National Enquirer Insider: ‘Trump Stories Were Sanitized From The Get Go’


Jerry George worked at the National Enquirer and it’s parent company, AMI, for 28 years, until he left in 2013. He knew CEO David Pecker and the inner workings of the Enquirer intimately. Last week Cohen prosecutors claimed that Pecker and Cohen struck a deal in 2015, shortly after Trump announced his candidacy on how to deal with negative Trump stories but George says that AMI was the “official organ” of Trump long before that. Here are excerpts from an exclusive interview with Huffington Post:

HuffPo: The prosecution in the Michael Cohen case claimed this week that there was a coordinated campaign between AMI and Cohen from the beginning of Trump’s campaign to catch and kill negative stories about Trump. Did that surprise you?

George: Well, it’s obvious that the Trump presidency is crumbling, and I think American Media was a pillar of it and is certainly complicit in any collusion. Thanks to AMI smothering anything that was negative about him, he gained the traction to become presidential timber and a more appealing candidate.


HuffPo: When the first Karen McDougal story broke back in October 2016, AMI said to The Wall Street Journal that it has never paid to kill damaging stories about Trump, and now it seems that is not so. Do you have any idea why they would say something like that?

George: I think it’s just basic corruption. David Pecker’s last interest is in reporting the facts. He’s traditionally not a journalist. He’s a businessman. It’s a company that is motivated by greed, not public interest and not perpetuating the values of the fourth estate.


Oh yeah, going back to whenever Pecker took over, the late ’90s, suddenly we stopped reporting negative stories on Donald Trump, and there were many! In the old days, Trump was good copy. His foibles, his divorces, his romances, his sexual escapades ― and then all that stopped.


HuffPo: You told a reporter that Trump stories sometimes had changes attached to them labeled “per Pecker.” What were some of the changes you would see with those sort of stories?

George: Just minor things. If Trump was referred to as a billionaire, the fix would come back: “multi-billionaire.” It was all blowing smoke ―

to feed his ego.

To make him seem grander.

Now this next part is really something. Essentially the Enquirer was doing what we would call “sponsored content” for Trump, around here or any publication with the slightest credibility, but not calling it that. Fox News wasn’t the first.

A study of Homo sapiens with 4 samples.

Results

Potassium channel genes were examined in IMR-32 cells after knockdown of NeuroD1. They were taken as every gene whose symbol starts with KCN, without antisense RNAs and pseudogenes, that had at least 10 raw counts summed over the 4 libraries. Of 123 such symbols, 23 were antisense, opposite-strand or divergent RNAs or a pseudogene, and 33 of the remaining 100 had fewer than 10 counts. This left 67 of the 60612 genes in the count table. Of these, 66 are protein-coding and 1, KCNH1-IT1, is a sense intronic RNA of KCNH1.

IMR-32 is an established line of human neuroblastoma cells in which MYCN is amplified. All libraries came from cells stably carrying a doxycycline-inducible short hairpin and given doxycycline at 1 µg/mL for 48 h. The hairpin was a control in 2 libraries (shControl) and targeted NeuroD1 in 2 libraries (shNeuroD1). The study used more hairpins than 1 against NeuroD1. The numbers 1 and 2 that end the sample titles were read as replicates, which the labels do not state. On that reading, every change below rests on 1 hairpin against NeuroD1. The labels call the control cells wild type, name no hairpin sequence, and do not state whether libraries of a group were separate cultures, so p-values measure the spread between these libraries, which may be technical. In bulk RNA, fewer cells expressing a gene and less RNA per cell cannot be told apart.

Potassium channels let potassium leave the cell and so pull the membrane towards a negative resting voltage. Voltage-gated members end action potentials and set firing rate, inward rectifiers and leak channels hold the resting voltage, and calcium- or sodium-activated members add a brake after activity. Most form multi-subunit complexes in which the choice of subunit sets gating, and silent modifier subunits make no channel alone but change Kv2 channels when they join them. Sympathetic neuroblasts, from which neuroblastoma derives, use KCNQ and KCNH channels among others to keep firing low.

HuffPo: And some reporters you knew worked on Trump stories that were run by the Trump Organization.

George: Every story was run by Trump’s attorney, which it turns out was Cohen, or by reps with his organization.

HuffPo: How do you know that?

George: I know it because we talked to editors who ran them, and they would come back with fixes. They were given not only copy approval and headline approval and photo approval, but they would actually be sent pages, covers to show how the story was displayed and if they didn’t like the photo or the headline or the prominence, they had input, and it was always acted on. American Media was very, very accommodating.

George ends on a hopeful note.

HuffPo: Do you think AMI readers will care about something like this?

George: I think you can fool the public for just so long. I think that for years the editorial board of American Media has been talking down to its readership and certainly it included the Trump base as part of their readership, but it’s becoming more and more obvious how corrupt this administration is and I think ultimately the readers are going to turn on them.

Pecker was just granted immunity. It will be interesting to see what comes out of the vault and how Pecker justifies it, since right now it looks like Pecker can only protect one career, his or Trump’s and it’s a no brainer which way that’s going to fall.